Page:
Because of the high humidity inside the unit two building an attempt by a robot to enter the building did not work. The humidity (water vapour) clouded the robots vision and prevented it from going inside.

A team of four workers entered the building to check the radiation levels and other things inside. TEPCO have explained how they are planning by June to start to reuse cooling water. The idea is that cooling water will be injected into the plant; the used water will be cleaned up using a zeolite column. I think that the idea is a reasonable idea which will help with the clean up.

I suspect that the use of a zeolite to clean the water will minimize the volume of radioactive waste water which needs to be processed off site. Also the zeolite will absorb much of the radioactivity. It will concentrate the radioactivity into a small volume which will be cheaper and safer to dispose of.

At the same time the fishing and farming cooperatives have started to bring civil claims against TEPCO. As I am not a combination of the judge and jury I will not try to usurp the court and say how much the compensation should be. I am sure that this accident will result in a series of court cases, but I have no idea of how they will turn out.

I would like to pose the question of “what should TEPCO / MEXT do about the accident ?”

I hold the view that rather than paying farmers and fishermen to do nothing, that TEPCO / MEXT should strongly consider the creation of worthwhile alternative economic activities which will prevent unemployment within the fishing and farming communities.

One scenario would be for TEPCO to provide training to a team of farmers who would then be paid to perform dose reduction actions on farmland. I suspect that the farmers may already have some of the equipment needed for the work. For example deep ploughing and potassium fertilizers are method for reducing the transfer of cesium from grass to cows.

Another would be for the farmers to plant vast fields of sunflowers or other fast growing plants which will absorb cesium from the soil. As long as the Japanese society has devised a disposal method for the fully grown sunflowers then this crop could be of some use to the farmers. I reason that a typical Japanese farmer will be unhappy about now being able to earn a living the way he used to.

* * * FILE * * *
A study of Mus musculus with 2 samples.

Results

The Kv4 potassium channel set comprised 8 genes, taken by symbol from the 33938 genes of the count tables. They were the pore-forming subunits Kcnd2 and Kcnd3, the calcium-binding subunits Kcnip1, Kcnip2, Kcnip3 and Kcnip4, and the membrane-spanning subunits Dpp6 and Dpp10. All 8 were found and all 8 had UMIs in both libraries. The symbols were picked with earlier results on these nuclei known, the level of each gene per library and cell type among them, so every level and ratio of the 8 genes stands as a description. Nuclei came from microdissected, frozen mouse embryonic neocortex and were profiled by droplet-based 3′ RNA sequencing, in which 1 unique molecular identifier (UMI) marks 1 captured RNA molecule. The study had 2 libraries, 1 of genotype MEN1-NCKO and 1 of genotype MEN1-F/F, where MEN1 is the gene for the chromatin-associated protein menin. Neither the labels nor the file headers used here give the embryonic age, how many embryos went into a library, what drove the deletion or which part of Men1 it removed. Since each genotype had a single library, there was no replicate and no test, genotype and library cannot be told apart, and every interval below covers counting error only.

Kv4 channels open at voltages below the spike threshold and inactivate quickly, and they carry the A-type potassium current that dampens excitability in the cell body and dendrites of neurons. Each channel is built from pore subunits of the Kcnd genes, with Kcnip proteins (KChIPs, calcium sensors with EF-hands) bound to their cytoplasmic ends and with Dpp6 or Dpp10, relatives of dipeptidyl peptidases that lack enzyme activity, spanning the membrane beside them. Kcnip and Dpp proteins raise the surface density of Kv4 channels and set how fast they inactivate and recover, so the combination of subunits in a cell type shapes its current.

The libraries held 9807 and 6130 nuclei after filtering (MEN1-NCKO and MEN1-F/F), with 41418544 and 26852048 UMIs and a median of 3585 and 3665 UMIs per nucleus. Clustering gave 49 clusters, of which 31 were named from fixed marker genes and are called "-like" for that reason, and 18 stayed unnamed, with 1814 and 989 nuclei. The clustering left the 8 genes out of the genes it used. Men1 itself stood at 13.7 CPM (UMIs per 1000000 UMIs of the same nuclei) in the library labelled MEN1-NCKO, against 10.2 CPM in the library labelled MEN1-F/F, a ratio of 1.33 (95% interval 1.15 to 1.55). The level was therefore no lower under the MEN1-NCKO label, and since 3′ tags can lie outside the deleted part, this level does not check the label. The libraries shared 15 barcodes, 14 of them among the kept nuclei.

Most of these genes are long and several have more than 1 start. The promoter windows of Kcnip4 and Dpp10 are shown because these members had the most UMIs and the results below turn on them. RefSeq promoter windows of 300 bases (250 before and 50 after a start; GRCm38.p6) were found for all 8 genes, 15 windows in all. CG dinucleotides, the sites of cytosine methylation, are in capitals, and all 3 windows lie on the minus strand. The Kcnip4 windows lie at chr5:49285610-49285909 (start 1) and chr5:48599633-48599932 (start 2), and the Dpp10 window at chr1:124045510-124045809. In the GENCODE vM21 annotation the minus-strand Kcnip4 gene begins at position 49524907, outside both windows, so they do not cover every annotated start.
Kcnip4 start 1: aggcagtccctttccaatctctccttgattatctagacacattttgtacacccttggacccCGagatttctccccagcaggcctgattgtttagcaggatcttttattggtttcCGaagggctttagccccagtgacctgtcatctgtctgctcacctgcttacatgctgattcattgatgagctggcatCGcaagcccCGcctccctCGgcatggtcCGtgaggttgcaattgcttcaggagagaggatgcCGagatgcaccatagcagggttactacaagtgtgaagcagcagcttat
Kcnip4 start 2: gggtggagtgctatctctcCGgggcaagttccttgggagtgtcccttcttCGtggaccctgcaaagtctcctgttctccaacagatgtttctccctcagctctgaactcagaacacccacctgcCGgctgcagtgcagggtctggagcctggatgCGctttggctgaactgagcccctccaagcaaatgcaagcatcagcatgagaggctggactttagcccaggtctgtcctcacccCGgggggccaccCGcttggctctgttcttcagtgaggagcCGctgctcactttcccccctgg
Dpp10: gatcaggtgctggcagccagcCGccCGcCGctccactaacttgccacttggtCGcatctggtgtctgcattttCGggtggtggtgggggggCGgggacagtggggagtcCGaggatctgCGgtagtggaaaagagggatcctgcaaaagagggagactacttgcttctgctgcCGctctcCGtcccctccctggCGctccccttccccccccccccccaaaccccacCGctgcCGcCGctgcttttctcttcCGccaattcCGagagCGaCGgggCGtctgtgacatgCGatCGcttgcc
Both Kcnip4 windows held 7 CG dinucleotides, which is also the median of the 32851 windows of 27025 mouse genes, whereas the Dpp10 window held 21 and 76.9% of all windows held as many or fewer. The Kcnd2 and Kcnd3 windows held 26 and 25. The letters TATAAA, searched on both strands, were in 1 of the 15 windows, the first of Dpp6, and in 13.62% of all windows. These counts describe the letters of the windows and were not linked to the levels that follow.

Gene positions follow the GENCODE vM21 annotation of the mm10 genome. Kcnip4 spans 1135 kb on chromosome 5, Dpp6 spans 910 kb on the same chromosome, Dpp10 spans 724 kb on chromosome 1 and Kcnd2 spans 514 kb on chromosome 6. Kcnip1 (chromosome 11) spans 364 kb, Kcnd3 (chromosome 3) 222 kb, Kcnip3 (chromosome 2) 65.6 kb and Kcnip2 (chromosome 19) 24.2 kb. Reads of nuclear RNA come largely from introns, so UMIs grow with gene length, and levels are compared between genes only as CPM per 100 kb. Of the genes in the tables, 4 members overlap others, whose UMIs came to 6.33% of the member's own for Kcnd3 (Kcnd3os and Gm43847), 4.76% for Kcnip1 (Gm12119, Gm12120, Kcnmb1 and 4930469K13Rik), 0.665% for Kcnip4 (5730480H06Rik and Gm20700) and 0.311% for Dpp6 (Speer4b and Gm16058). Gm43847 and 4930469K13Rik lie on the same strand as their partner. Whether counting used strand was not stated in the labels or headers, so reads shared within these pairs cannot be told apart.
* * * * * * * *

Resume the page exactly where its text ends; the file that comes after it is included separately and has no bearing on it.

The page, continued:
Even if a farmer was given the same amount of money as he earned in a year from farming and was told to sit on his bottom then I think that many farmers would be unhappy. I think that being able to farm an alternative crop or to farm in an alternative way of farming would be good for the mental and social wellbeing of the farming community.

One idea which I have seen before is for the farmers to change from growing food crops to growing plants which can be harvested for oil. The oil from sunflowers or rape could be used in industry or for making fuel oil. According to one book which I have read on the topic, the part of the plant where the oil is harvested from has very little radioactivity while the other parts of the plant contain plenty of radioactivity.

Maybe a contaminated farm could be changed from a food farm into a vegetable oil farm; if the oil is not suitable for food use then it could be converted into biodiesel. The biodiesel could be used for cars, trucks and buses as a replacement for normal diesel. The more radioactive parts of the plants could then be disposed on in a special way to avoid returning the radioactivity to the top soil.

If you are interested in the way that vegetable oil is converted into diesel then I can tell you something about it. Normal vegetable oil has the wrong mechanical and physical properties for use in a diesel engine. Also it is very hard to use sunflower oil in an oil lamp; instead the very large molecules in the vegetable oil need to be shortened to make them suitable for use.

One classic method is to make the FAME type of diesel fuel; this is the Fatty Acid Methyl Ester type of diesel. In common with diesel fuel production the formation of the methyl esters is often done in chemical labs when we want to analyse cooking oil. For analytical purposes my normal method is to shake a hexane solution of the cooking oil with potassium hydroxide in methanol. Then after allowing it to stand for a moment, I remove the glycerol rich bottom layer with a pipette and then I wash the mixture with brine, remove the brine, dry the hexane layer with sodium sulphate. Then I dilute it and inject it into my divining stick (opps I mean GC machine)

For making biodiesel the easy way is to boil methanol with cooking oil with some sodium hydroxide added. After boiling it for an hour, I let it cool. I then remove the bottom layer, then I wash the upper layer with dilute acetic acid, then with water and then I tend to dry it with sodium sulphate. This reaction works in the following way, methoxide acts as a nucelophile on the glycerol trimester to form a methyl ester. This is a classic bit of organic chemistry.

The alternative method uses more modern chemistry, a fancy catalyst is used to hydrogenate the oil and also do a hydrodeoxygenation reaction, this forms a mixture of propane and long chain alkanes (parafins).

http://www.biodieselmagazine.com/articles/1505/heeding-hydrogenation/

Rather than the farmers having to work out their recovery plan on their own, I think that TEPCO and/or the Japanese government should provide guidance to the farmers, and financial and material assistance to help them change the way they earn a living from the land.